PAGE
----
Thank you to James Island resident, Tony Mennito, for answering these questions about dentistry during COVID. Tony is Associate professor at MUSC College of Dental Medicine and private practice dentist at Expertise Dental (776 St. Andrews Blvd, West Ashley, 843-769-4600).
1. Is it safe to go to the dentist during this time?
Generally speaking, yes. Different practices are taking different precautions but I will tell you what most, including my own, are doing. In truth, even before COVID we took infection control very seriously and now we, as a profession, have stepped it up even more.
Having you wait in your car until we are ready to see you. This avoids interactions with other patients in the waiting room or at the front desk.
Everyone is asked to wear a mask to enter and exit the building (dentists and staff included) and we are taking temperatures and O2 saturation levels to ensure that you (or we) are not ill.
Treatment rooms have always been thoroughly cleaned between patients but now we are using even stronger cleaners as well as utilizing air purification systems to clean the air between patients.
Several other measures to limit aerosol production, ensure the safety of the dentist and staff and thoroughly clean the office at the end of day.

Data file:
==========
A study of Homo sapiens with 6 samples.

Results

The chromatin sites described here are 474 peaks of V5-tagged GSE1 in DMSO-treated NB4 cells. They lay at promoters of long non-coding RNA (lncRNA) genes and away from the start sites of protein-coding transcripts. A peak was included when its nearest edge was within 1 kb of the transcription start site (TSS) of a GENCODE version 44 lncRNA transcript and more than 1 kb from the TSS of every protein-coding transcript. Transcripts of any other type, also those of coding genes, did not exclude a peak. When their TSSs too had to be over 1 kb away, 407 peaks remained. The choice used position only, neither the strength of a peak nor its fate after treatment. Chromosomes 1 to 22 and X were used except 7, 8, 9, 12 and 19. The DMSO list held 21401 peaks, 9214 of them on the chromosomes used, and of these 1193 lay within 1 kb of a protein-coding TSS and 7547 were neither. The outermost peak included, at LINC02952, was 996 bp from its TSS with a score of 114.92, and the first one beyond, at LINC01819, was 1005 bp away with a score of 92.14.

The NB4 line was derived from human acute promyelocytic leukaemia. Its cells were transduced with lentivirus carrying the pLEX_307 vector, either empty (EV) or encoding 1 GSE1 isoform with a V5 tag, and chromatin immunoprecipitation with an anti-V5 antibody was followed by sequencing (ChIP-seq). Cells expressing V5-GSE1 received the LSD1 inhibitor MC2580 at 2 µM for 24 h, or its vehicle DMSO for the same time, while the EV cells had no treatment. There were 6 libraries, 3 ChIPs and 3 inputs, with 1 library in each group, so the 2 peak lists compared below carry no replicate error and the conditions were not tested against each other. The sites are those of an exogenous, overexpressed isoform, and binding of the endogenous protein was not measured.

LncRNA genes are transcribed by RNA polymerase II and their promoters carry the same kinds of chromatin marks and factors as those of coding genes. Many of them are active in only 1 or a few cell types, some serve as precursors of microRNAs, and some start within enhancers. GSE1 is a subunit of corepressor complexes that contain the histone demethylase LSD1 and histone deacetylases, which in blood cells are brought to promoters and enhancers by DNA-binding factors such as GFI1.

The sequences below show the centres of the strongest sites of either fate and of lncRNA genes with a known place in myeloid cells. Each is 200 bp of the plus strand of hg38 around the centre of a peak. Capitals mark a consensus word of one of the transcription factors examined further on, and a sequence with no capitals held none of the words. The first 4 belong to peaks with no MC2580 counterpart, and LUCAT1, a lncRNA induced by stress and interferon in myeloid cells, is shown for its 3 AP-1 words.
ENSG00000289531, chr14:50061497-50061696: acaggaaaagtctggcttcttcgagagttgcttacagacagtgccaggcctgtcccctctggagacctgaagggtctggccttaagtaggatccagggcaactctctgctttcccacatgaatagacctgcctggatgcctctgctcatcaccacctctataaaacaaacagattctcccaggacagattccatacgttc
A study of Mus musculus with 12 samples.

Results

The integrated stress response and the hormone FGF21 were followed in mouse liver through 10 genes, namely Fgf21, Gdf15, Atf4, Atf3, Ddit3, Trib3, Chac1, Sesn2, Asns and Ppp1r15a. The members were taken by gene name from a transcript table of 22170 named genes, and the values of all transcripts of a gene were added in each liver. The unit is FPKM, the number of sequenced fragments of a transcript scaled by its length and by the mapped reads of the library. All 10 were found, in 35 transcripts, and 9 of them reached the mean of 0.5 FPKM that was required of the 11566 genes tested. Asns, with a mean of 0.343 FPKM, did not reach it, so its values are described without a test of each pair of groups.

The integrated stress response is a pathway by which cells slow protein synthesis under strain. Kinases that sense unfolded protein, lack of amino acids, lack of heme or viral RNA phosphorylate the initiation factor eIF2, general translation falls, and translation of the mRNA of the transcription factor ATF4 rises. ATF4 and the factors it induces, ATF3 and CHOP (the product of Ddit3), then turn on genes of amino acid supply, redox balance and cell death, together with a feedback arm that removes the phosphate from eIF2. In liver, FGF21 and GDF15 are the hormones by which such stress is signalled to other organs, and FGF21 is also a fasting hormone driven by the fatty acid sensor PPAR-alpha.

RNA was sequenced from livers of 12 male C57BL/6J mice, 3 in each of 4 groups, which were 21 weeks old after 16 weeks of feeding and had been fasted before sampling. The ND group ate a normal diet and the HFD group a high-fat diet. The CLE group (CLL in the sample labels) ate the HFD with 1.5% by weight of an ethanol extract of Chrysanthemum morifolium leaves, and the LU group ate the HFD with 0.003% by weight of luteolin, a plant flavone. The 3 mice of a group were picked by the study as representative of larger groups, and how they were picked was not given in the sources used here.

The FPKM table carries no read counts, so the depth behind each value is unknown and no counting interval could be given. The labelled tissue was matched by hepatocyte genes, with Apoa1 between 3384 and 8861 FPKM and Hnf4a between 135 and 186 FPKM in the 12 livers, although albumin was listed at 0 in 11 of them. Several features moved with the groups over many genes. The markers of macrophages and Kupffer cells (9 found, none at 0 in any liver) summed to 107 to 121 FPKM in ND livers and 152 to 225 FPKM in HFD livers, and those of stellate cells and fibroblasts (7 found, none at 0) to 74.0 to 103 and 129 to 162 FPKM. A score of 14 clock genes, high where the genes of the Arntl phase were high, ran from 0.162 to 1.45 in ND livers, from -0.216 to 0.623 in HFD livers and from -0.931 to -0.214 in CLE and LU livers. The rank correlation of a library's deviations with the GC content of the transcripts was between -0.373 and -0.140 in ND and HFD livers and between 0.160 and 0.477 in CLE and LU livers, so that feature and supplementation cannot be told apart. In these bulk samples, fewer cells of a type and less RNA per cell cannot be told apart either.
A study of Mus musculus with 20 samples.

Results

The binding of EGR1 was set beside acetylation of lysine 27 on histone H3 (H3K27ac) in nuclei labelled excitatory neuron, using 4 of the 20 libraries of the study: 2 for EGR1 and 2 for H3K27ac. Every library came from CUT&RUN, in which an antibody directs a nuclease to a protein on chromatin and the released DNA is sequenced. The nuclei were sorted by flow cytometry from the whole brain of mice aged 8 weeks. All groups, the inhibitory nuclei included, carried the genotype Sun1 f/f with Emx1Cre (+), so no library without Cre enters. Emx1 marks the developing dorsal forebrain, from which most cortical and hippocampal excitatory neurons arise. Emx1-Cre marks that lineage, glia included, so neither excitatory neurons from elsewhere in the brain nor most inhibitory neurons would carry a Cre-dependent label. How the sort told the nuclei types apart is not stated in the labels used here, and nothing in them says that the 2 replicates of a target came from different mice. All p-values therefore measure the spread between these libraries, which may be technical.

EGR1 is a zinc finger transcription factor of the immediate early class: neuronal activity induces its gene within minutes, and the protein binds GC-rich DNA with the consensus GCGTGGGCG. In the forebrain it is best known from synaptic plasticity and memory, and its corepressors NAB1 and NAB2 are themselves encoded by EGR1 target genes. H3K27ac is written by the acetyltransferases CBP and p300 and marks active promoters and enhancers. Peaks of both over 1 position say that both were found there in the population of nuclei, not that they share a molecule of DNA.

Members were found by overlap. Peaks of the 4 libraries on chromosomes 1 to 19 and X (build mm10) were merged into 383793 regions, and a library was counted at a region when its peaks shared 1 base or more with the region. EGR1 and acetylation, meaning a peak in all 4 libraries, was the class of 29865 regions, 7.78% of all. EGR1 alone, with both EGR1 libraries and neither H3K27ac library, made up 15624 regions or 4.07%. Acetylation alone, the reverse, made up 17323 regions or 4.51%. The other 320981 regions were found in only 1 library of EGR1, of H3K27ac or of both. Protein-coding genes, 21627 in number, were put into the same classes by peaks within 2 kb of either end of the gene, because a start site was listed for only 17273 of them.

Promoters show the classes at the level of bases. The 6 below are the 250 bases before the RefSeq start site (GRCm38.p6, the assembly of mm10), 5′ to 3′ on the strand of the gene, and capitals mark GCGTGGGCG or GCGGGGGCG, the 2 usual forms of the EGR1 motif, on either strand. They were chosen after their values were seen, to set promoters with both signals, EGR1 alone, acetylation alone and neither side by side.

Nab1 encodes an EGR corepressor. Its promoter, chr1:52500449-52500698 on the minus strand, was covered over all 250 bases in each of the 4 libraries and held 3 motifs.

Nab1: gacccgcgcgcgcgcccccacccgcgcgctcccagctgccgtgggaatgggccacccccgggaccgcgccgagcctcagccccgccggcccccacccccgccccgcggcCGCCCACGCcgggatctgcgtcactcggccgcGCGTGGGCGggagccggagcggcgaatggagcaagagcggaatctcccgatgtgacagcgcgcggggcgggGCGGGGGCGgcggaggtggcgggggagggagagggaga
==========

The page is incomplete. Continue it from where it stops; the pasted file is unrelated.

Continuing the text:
2. What should I ask my dentist before I visit?
Before your appointment it might be a good idea to call your dentist and see what they've changed in response to COVID. You may notice that a dental cleaning, for instance, may be a little different due to our desire to limit aerosol production for your safety as well as our own.
3. Is it better to get a cleaning now or wait 6 months or so?
Oral health is an important part of your systemic health. The reality is a trip to the dentist taking the above precautions is likely safer than a trip to the grocery store or your favorite restaurant. There is no reason to wait.
4. What if my dentist takes his mask off?
This is unlikely as we are use to wearing masks and know that they are our best protection. However, we are human too and old habits, such as talking to a patient after a procedure without a mask might creep in. After the procedure, we have the patients put their mask back on leave the building. So if your dentist takes their mask off for any reason, you should still have yours on.